June 28, 2016
I was invited to speak at an event at Newspeak House the other day about the London Civic Tech community’s reaction to the ‘Brexit’ result.
I wanted to talk about something that I’ve been mulling over for a while now called ‘unbiasing’:
Making the unconscious conscious will help you make more objective decisions, facilitate inclusive interactions, and create opportunities. Begin unbiasing with education, accountability, measurement, and more. withgoogle.com
This was partly promoted by this (intentionally provocative, I expect) paragraph in the event description:
Calling angry technologists. We think we know something other people don’t. Let’s do a bit of a post-mortem of the referendum, and talk about how we might be able to apply our skills to make politics better so we can start feeling proud of our country again.
I wanted to challenge the attitude that “We think we know something other people don’t” or that “our skills” automatically give us the ability to “make politics better”.
The ability to write code doesn’t enable you to “fix” society, it enables you to write code.
Code for code’s sake is unlikely to fix anything, so it’s worth starting with an idea, and then validating that idea before writing any code (of course, this applies to non-code based projects too).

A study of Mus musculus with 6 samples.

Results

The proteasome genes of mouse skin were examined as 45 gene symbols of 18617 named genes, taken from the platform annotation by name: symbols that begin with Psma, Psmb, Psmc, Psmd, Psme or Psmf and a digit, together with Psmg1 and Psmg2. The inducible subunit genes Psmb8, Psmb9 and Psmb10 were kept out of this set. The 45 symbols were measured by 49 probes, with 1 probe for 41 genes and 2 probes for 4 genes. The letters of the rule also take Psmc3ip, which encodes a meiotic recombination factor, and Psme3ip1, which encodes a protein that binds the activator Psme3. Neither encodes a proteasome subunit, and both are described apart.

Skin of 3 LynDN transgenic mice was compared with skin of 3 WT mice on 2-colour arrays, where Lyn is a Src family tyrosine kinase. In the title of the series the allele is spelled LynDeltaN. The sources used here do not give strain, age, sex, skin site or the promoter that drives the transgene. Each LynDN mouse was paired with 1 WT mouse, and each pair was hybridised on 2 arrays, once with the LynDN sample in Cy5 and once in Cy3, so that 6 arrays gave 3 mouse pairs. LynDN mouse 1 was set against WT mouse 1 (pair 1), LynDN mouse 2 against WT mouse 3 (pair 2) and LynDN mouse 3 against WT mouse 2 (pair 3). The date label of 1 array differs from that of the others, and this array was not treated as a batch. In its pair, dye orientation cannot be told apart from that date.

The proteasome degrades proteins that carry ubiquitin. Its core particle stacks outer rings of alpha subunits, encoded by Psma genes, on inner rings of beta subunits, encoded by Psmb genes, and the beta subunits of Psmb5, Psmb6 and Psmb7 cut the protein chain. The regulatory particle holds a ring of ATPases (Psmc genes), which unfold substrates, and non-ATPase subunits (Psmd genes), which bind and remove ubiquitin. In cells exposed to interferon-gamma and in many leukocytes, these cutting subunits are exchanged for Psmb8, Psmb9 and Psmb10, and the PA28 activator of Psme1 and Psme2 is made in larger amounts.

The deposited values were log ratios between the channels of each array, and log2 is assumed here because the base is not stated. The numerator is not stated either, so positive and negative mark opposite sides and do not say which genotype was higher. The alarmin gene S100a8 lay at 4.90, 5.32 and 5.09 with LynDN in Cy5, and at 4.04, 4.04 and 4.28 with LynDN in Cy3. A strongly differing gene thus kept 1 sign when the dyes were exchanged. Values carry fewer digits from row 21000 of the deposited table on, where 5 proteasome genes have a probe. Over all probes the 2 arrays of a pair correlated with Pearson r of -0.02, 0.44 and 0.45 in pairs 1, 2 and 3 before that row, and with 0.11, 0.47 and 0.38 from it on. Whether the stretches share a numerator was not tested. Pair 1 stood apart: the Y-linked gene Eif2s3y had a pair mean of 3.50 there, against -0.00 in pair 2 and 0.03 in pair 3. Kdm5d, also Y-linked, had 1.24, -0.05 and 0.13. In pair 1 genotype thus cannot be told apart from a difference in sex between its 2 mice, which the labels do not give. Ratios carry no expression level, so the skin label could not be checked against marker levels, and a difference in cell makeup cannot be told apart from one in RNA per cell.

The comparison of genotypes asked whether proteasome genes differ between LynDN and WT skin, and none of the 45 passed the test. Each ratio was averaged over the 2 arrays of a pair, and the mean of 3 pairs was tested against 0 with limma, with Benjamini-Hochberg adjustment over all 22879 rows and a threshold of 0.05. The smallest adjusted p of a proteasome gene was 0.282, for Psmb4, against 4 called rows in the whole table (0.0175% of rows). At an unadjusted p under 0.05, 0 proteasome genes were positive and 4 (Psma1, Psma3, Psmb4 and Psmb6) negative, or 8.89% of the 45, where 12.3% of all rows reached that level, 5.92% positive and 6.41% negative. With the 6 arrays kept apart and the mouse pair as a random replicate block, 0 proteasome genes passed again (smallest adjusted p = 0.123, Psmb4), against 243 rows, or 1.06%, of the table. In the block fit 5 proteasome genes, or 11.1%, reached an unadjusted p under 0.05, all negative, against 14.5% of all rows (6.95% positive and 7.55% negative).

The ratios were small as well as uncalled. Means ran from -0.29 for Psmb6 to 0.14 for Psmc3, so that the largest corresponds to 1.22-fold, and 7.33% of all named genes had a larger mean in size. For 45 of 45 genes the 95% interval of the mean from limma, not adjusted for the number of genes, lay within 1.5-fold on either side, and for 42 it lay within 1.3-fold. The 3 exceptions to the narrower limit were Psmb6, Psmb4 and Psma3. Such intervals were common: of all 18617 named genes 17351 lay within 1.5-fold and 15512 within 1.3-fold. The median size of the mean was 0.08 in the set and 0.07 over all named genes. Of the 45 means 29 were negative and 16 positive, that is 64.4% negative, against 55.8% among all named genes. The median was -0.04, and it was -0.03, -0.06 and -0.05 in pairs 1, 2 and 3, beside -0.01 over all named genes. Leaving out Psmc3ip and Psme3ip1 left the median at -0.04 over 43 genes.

When validating ideas, it’s important to recognise that your bias will change the way you look at the world. Because of this, you should try to do anything you can to ‘unbias’ yourself (or, perhaps, learn others’ bias).
There is a high chance that your ability to write code is related to your background, wealth and free time, not your intelligence or social/political outlook.
In the talk I read out a list that I’ve written for myself to try and internalise as much as I can. It’s not perfect and I wont always remember to apply it.
A few people asked me to publish it, so here, in no particular order, is what I wrote.
Make the assumption that you don’t have a representative range of views on any topic at all, especially the ones you’re sure you have a representative range of of views on.
Resist binary options, things are always more complex. Try adding a 3rd option wherever possible.
Questions that can be answered objectively don’t consider how people relate themselves to the question, or the answer. e.g. “The sky is blue” is not as simple a statement as you may think. People’s sense of ‘self’ varies from culture to culture – I could go on.
Try to write down your assumptions as often as you can. If you don’t think you have any, question why and write down ones you think are far too obvious.
When in meetings or public gatherings, note down the mix of gender, age, and other demographic that you can guess at from looking at the people there. You won’t get everything correct, but it will let you reflect on trends over time.
At these same events, try to answer the question “who is unlikely to be here because of the time, location or make up of this event”. If you don’t know, try to find out.
When considering numbers of people, try to mentally frame the number in absolute terms, for example work out the percentage of the population that number reflects.
I would really like to hear feedback on these and particularly improvements or new points that I can try to absorb in to my thinking.